Coping with an evolving state education system
Whether you think it's a good thing or a bad thing, there's no denying the fact that the state education system is fragmenting.
Bristol has been at the forefront of change for some years. It will soon see all its secondary schools outside the local authority and the latest figures show that the city has one of the highest proportions of primary academies in the country.
Yet, as the role of the council diminishes, most schools are becoming more outward-looking rather than less.
Some of these have been or continue to be fostered by the local authority, such as support for new and aspiring head teachers.
Others come about because a school changes its status as part of a local or national academy chain.
Some develop because of community links. Others may not be geographically close but might have common interests that can bring benefits to staff and children on all sides.
Business managers are linking up in the interests of efficiency while groups of teachers, support staff and dinner ladies welcome the chance to collaborate.
Goods can be bought cheaper in bulk and together schools can commission services that they would not be able to afford on their own.
The city is even beginning to see some links emerging between the independent and state sectors.
For example, Whitehall Primary School in the inner city set up a joint choir with Clifton College Prep School and Bristol Cathedral Choir School is working with Wells Cathedral School in Somerset.
At least two pairs of independent and state secondaries have plans for students to work together during this academic year.
The city council urges all head teachers and education providers to sign up to a partnership agreement for the wider good of children in the city.
Leaders talk of a "moral purpose" to improve life chances for all
Strategic director for children and young people Annie Hudson said: "It is important that the greater diversity of schools in the city builds on the current strongly collaborative practice and does not lead to competition and fragmentation. Schools in Bristol have a great track record of working together.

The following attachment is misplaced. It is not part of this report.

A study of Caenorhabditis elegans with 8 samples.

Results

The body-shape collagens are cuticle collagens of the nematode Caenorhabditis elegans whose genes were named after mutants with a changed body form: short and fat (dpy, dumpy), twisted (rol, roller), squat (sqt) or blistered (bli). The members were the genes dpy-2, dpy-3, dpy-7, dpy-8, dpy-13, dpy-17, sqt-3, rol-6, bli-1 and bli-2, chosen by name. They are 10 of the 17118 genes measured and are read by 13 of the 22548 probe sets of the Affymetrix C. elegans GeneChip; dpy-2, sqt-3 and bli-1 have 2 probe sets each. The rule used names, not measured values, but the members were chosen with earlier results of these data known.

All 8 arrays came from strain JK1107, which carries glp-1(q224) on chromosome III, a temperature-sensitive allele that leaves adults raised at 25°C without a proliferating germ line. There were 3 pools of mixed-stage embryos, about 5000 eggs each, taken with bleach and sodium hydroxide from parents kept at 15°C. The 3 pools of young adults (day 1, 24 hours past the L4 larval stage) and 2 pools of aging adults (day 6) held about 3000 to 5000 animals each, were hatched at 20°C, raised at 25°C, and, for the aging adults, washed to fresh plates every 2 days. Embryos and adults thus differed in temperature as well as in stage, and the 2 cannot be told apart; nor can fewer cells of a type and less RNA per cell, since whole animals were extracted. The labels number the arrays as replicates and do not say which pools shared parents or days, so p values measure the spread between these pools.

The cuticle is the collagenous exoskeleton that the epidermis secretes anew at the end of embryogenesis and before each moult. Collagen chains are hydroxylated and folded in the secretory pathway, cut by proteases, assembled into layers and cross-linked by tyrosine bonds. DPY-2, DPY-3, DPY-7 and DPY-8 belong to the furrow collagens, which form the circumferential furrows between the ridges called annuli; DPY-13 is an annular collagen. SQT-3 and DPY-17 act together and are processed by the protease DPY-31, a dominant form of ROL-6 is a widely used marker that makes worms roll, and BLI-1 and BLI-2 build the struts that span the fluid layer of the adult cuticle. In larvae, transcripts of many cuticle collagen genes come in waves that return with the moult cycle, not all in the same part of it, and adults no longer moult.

"In particular, I want to see collaborative work continue especially in relation to vulnerable learners, the planning of school places and at key points of transition in students' lives, such as between primary and secondary school. "
This all goes way beyond how a school is rated by Ofsted, whether it is an academy, free school, faith-based, ruh by a trust, maintained by the local authority or even fee-charging.
Schools have been grouped together by the local authority in the past but the difference now is that partnerships are developing on the ground and growing organically.
Some schools will be part of several groups; perhaps with those in their local area, with others on a shared curriculum project, as well as deliberately linking with a school that has a different racial or social mix of pupils. One successful group is developing in the south of the city. The Malago Learning Partnership comprises Bedminster Down secondary school and six primaries: Parson Street, Victoria Park, St Peter's CE, Headley Park, Greenfield and Cheddar Grove.
During its first year, the head teachers visited each of the other schools and now teachers, chairs of governors and business managers are doing the same.
The partnership meets six times a year and has drawn up a clear set of aims for working collaboratively to support children and families from early years to the workplace.
None of the schools has yet been judged outstanding by Ofsted, although several are rated good, and all welcome the opportunity to share ideas and successes.
They are working together on areas such as transition to secondary school and inclusion of children with special needs.
Already, the seven schools are employing a speech and language expert between them to help meet a particular need they have found among children in their community.
Mark Lacey, head of Parson Street, who chairs the partnership, said it had been a revelation to spend time in other schools.
"It has been fantastic in terms of sharing knowledge," he said. "We are supporting each other, but at the same time are trying to make sure we don't become too cosy.
"The partnership has proved a real strength and we are ready to take it up a level."